Use of RS for control of Cross-Compliance
Remote sensing data may be used in two ways for the control of cross compliance:
- Use of RS for the control of the GAEC (or part of GAEC).
- Use of RS as a support for the selection of the cross compliance sample (risk analysis).
CwRS for the control of GAEC: CwRS may be envisaged for some GAEC standards (or SMR in limited cases) that may be checked on satellite or airborne imagery. This is the case for instance for the maintenance of a soil cover during winter, the prohibition of burning stubble, the maintenance of grassland, the prohibition of the removal of landscape features, the presence of buffer strip etc. In some cases the use of a DTM can be needed in order to identify conditions for the application of the requirements such as slopes where some practices are forbidden (e.g. ploughing along contour lines is compulsory in slopes above a certain threshold). Autumn/winter images are needed to check some requirements like the prohibition of bare soil.
During the photo-interpretation of the satellite or airborne imagery each parcel should be flagged with an appropriate code. The CAPI operator will detect and flag any case of possible non-compliance (e.g. bare soil) with an appropriate code. He/she will also flag any case where the compliance cannot be detected (e.g. the presence of a buffer strip under tree canopy) using another appropriate code. The use of thematic layers combined with GIS techniques can be useful during the CAPI: e.g. the automatic generation of buffer polygons from a water courses layer can support the check of buffer strips on imagery. Photo-interpreters should receive guidelines for the identification of non-compliances on the imagery and should be specifically trained for checking the GAEC. Furthermore, they should have the possibility to display on-screen the examples collected during the ground survey.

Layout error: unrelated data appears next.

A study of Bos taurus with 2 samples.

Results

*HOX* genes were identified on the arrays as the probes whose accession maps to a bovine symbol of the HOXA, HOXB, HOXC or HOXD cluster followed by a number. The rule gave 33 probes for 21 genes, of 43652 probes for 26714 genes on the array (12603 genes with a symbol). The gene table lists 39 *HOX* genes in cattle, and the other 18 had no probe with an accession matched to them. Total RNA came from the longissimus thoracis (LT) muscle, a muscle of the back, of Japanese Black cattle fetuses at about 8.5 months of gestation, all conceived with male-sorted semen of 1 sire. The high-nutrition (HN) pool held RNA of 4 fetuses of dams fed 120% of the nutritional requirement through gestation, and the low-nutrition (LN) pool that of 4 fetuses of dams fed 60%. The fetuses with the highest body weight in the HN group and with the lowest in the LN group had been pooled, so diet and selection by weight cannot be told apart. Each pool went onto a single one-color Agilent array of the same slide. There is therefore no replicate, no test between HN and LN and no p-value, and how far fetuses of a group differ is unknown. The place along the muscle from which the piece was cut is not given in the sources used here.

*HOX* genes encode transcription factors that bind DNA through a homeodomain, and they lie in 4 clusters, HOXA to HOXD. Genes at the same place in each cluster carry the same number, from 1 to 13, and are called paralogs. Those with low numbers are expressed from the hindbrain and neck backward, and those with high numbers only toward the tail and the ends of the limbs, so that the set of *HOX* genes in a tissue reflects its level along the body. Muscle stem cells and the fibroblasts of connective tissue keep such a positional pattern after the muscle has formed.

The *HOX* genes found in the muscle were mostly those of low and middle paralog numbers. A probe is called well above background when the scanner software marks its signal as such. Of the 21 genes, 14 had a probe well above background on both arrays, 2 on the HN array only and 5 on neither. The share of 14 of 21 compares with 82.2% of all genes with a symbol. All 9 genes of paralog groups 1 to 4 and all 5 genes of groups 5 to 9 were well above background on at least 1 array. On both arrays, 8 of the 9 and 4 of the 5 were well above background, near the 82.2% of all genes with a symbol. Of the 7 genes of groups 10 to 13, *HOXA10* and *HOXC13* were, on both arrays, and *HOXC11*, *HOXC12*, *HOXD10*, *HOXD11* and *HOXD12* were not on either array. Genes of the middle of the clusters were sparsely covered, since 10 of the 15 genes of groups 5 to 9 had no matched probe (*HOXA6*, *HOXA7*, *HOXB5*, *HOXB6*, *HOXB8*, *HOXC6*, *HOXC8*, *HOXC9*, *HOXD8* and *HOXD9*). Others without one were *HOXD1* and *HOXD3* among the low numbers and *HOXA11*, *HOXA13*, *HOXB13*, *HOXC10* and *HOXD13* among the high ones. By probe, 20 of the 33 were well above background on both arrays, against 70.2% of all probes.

The results of the photo-interpretation shall be given to the controller that shall carry out rapid field visits in all doubtful cases. As a quality control it would be recommended to foreseen rapid field visits also on a small sample of cases where the CAPI did not detect any non-compliance (e.g. parcels that are physically inspected to checks for GAEC standards which are not controlled with RS can be controlled also for standards ordinarily checked with RS). The use of remote sensing to control GAEC standards must be effective as classical field checks. It would be advisable that before the MS uses RS as an ordinary tool for GAEC standards checks, a survey is performed to demonstrate effectiveness of RS checks by comparing the results of controls using classical field inspections and RS for the different GAEC standards in different landscape patterns. JRC can offer technical support and supervise the survey.
CwRS as a support for selecting the cross compliance sample: On the CwRS OTSC sample or on the whole area covered by the HR image, an automatic classification (refined by CAPI) could provide a list of parcels potentially in breach with some GAEC that can be checked with RS. The corresponding dossiers may hence be part of the risk based sample for the controls of cross compliance of a given control body (the “1% sample” per competent authority). Member States should mention in their National Addendum the option(s) retained (no control of cross compliance with RS, use of RS for partial control or for risk analysis) for each of the control zones. If relevant, the GAECs to be checked and the criteria to be assessed should also be described as well as the specific imagery / processing requested (e.g. HR imagery in autumn/winter for the detection of bare soil).